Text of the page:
Summers most loved holiday is almost here — and most already have their American Flags and sparklers ready. The weather, however, may not be so eager to cooperate. We’ll start with the good news: Medium range forecast models which had been showing a total washout for Independence Day have since backed off. The bad news? It still looks like an onshore flow will promote the development of low clouds and the intrusion of a marine layer, at least early in the day.

What will become interesting is forecasting both the erosion of that marine layer by the afternoon and evening hours, and the potential for a weak coastal storm system to scoot on by to our south and east. This looks most likely to occur on the night of July 3rd (Friday) into Independence Day morning, as a low pressure system develops in the Ohio Valley and then transfer offshore to the Mid-Atlantic Coast. Sheesh — you’d almost think this were a mid-winter forecast!

The culprit in us having to discuss all of this, to begin with, is a large and anomalous ridge on the West Coast of the United States. Portland, Seattle, and Vancouver are all experiencing summer weather with clear skies and temperatures in the 80’s and 90’s. Us? We’re dealing with a parade of mid level disturbances and notably cool temperatures, as troughiness in the mid levels of the atmosphere remains stout.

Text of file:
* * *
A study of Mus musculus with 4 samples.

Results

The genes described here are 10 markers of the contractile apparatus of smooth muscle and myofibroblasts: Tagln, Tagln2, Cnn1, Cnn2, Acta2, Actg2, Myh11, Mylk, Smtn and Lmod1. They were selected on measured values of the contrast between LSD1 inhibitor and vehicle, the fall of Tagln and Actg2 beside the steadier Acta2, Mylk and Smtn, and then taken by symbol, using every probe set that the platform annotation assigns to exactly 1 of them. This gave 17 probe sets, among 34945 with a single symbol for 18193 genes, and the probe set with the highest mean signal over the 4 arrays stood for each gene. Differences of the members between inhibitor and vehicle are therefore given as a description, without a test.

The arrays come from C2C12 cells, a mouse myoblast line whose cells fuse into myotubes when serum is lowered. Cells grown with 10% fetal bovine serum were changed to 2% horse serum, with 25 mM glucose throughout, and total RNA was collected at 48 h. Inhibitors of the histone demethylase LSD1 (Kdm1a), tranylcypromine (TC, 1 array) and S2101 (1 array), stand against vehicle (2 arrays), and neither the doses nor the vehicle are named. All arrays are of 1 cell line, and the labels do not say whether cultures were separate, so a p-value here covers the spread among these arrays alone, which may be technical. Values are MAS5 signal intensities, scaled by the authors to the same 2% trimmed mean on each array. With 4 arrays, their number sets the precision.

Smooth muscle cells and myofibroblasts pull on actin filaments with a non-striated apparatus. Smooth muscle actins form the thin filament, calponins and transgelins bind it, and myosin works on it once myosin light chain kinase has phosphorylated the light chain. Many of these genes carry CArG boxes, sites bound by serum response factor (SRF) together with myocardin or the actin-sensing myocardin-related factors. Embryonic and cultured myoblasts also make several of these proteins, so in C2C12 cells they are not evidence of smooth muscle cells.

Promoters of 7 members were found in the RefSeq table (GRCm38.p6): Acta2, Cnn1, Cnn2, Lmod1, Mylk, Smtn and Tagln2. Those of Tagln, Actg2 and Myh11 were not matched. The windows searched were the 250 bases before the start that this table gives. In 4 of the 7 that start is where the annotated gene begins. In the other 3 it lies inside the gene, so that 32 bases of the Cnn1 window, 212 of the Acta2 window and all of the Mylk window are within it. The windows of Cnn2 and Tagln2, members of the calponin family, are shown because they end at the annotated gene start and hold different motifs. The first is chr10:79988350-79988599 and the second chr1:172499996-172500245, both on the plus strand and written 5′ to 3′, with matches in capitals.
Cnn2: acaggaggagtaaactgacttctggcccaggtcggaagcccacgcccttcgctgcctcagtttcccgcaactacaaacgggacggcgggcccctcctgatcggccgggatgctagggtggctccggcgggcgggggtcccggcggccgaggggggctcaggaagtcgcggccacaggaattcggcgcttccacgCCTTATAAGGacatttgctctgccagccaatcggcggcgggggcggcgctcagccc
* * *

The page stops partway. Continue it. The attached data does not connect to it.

One of these aforementioned disturbances will move through the Ohio Valley and eventually off the East Coast on Friday Night into Saturday morning, and forecast models agree that an area of rain will move from the Mid Atlantic off the East Coast. This is most likely to graze Washington DC into Philadelphia and Southern New Jersey — with precipitation becoming spottier farther north near New York City.

The GFS model shows a coastal storm sliding eastward on Independence Day.

The GFS model shows a coastal storm sliding eastward on Independence Day.

Clouds, however, are likely to develop inland from the cooler ocean waters. Winds to the east/northeast to the north of the aforementioned disturbance will promote a marine layer with low clouds and drizzle shifting inland. Later in the day on Saturday, if this coastal system shifts eastward quick enough, these clouds will erode and clearer skies will take over for the firework displays on Independence Day.

This, still, will be a very tough forecast in terms of clouds and precipitation as the holiday approaches. Only minuscule and intricate changes in the mid and upper levels of the atmosphere could drastically change the forecast. So, while we aren’t expecting a washout by any means, keep an eye on the forecast over the next few days to get a good idea as to exactly how things will pan out this weekend.